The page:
I’ve officially gone coo coo about the Paleo lifestyle. In the last week, I’ve absorbed heaps of information about the movement: books, blogs, podcasts (shout out to Angelo Coppola at Latest in Paleo which is fantastic), everything I could get my hands on.
I’ve joined a CSA, tried a whole bunch of new, delicious Primal recipes, started working out at the Green Microgym (mostly weights and resistance training, with the occasional sprint), began walking more, and I’ve even felt the urge to get out in nature and lift some heavy rocks.
Paleo is my latest multipotentialite obsession, and I see it having a long lasting impact on the quality of my life. It’s not just the diet, the whole lifestyle appeals to me. I love the idea of living simply, and in accordance with our ancestral roots, and I love that so much of the literature is based in science.
For most people who embrace the Paleo lifestyle, cutting out grains, sugars, and processed foods is a massive change. But I’ve essentially been eating Paleo (plants and vegetables, with a few nuts and berries) for two years now, I just never called it that. I was doing it because I was having health problems, and was trying to figure out what was wrong with me.
Movements empower us
Although my diet hasn’t changed that much in the last week, I feel different now that I’ve embraced a movement. It’s no longer just me, out there on my own, with some weird diet that I smooshed together. Now I’ve got a community of smart, healthy people in my corner. I feel like I’m a part of something bigger than myself, something with its own vocabulary, resources, and authorities.
This gets to the essence of community and movement building. It’s the same reason that discovering that you’re a multipotentialite is such a significant moment for most people. You realize that it’s not just you out there in the world, unable to choose one path. Nope, there’s a whole community of us and a budding movement behind the lifestyle. That’s an empowering feeling.
Every coaching student I work with has a goal to empower others. That’s the thing about multipotentialites– we want to embrace and express all of our interests, but we want to do it in a way that’s both sustainable for us, and gives back to the world. I love that.
Community building is absolutely worthwhile. If you can give even one person a voice, you’ve made a difference.
Remaining true to your shifting nature
At the same time as I adore movements, it’s important not to be dogmatic about them. Growing up, I had a lot of different friends in a lot of different circles. I didn’t feel like I fit in 100% with the geeks or the stoners or the artists, and I liked it that way. It was more about the individual relationships and ideas, rather than fully associating with the values of one group.
Associating with a movement is empowering, but it’s important to always place your own individuality above the “rules.” Always question things, and continue to ask whether an idea resonates with you. Don’t just blindly accept the group values without checking in with yourself.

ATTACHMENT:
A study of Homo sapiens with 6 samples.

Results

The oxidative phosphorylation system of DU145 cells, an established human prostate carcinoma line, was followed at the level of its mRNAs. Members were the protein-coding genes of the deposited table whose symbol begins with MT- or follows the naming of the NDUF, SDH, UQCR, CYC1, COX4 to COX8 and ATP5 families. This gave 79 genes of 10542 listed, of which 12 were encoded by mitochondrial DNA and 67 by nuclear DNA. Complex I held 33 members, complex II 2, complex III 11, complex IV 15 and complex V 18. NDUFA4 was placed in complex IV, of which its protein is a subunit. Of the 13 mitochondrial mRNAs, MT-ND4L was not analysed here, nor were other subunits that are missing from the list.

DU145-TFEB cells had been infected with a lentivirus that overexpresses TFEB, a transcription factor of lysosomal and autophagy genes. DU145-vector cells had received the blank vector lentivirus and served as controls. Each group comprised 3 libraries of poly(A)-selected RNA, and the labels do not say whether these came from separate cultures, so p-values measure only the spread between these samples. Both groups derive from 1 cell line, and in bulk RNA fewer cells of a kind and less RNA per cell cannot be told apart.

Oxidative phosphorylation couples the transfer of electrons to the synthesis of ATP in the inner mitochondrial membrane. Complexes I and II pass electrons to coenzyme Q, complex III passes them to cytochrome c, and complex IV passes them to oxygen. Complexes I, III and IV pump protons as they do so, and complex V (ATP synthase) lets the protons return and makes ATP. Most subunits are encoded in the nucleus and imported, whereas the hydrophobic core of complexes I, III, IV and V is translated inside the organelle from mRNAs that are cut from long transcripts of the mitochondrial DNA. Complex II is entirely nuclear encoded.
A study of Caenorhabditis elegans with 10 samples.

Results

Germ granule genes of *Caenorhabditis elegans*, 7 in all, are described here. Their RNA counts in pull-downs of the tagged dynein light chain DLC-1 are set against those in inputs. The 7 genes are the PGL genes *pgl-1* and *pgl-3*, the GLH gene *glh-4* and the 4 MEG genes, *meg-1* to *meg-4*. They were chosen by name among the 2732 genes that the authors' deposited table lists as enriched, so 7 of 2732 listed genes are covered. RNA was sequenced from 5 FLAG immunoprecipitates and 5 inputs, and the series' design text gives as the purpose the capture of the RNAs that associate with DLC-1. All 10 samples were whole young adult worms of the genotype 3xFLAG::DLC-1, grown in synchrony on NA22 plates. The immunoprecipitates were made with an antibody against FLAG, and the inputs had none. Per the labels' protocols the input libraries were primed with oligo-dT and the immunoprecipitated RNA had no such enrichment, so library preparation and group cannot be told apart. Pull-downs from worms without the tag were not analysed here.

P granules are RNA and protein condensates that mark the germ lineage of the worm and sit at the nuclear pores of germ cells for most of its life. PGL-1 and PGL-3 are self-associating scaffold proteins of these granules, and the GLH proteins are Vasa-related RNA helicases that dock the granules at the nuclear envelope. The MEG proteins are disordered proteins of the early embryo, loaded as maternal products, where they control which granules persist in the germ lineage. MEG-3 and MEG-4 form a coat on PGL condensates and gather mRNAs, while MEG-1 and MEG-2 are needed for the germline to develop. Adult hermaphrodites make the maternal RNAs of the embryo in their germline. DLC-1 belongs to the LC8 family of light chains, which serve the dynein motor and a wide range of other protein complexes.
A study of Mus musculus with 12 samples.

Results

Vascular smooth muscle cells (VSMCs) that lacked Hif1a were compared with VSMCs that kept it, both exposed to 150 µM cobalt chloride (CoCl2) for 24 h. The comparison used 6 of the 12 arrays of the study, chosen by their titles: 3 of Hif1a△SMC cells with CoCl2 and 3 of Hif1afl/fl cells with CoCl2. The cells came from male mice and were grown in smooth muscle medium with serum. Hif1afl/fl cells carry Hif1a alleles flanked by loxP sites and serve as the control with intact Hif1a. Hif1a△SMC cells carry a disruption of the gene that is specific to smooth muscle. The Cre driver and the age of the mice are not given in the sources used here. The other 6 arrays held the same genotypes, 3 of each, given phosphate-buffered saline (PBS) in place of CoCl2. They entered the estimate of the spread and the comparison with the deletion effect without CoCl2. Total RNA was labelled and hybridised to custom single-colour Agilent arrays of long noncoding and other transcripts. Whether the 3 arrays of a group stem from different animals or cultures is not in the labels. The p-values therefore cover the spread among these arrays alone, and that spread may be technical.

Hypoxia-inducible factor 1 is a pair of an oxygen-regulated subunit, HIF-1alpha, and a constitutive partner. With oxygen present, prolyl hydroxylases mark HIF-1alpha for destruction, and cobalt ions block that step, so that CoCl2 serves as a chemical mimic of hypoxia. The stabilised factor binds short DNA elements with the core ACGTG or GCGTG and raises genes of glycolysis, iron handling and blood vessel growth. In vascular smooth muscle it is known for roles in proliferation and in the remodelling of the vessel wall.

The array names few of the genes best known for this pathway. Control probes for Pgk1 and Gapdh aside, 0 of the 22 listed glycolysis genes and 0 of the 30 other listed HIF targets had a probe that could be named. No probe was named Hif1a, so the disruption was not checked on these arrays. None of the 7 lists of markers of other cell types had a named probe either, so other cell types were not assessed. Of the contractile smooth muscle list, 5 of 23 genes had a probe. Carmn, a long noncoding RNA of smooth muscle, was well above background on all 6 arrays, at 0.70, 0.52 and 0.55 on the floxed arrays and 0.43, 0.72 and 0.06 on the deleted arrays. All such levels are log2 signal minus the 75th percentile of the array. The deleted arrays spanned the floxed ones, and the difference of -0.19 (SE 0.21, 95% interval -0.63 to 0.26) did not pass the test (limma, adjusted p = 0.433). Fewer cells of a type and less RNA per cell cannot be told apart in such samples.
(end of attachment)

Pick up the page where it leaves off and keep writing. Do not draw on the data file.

I always try to reiterate this in my work: do what works for you. I don’t like the idea of being perceived as a guru. I simply present the world as I see it and share what I’m learning while going about my multipotentialite life. I encourage you to take my words and use the parts makes sense, but leave the parts that don’t. Piece together your own methods.
Some labels are more inclusive than others (or the “non-label” label)
Multipotentialites typically hate labels because they feel restrictive. If you’re known as The Filmmaker, it’s hard to tell people that you’re going to law school next year (true story).
But some labels are more inclusive than others. Some are more like “overarching themes” than niches. They allow you to explore many facets of your personality.
Occasionally a multipotentialite will express concern to me that they might not really be a multipod, or that they’re “doing it wrong,” because they don’t have a bunch of spinning plates in the air at once, but prefer to dive deep into one topic for a matter of years before changing directions and focusing on an entirely new topic.
There’s no right way to be a multipotentialite. Some of us have a dozen interests on the go at any given time, while others are serial deep divers, and plenty of us are somewhere in the middle of the spectrum. We are all different, with wildly divergent interests, backgrounds, and scanning styles.
But see, that is what we have in common. In a sense, the multipotentialite identity is more of a non-label label. It’s about being different, expressing all parts of yourself, and being a life-long learner. It’s one of the least limiting labels you could adopt, which is precisely why I don’t have a problem identifying as one.
Going forward as you start your own movement
When you create a movement, honour your multipotentialite nature and don’t try to fit yourself into a box. Don’t worry that you’re going to confuse people by focusing on many topics. Brainstorm hard to come up with your overarching theme, express that theme clearly, and you will attract your right people. Your platform will also be far more interesting and resonate on a much deeper level with your community.
Best of all, your community won’t feel like they have to choose either. You’ll be empowering them, without restricting them through a narrow subject matter.
And so as I explore this Paleo stuff, I recognize that it’s wonderful to be completely engrossed in a movement, but I will personalize my experience, and leave behind the parts that don’t work for me. And if I ever feel the urge to shift away entirely, I won’t worry that I’m being flaky by changing directions. That’s the beauty of being a multipotentialite.
How have you experienced movements and communities? Do some labels feel more open to you than others?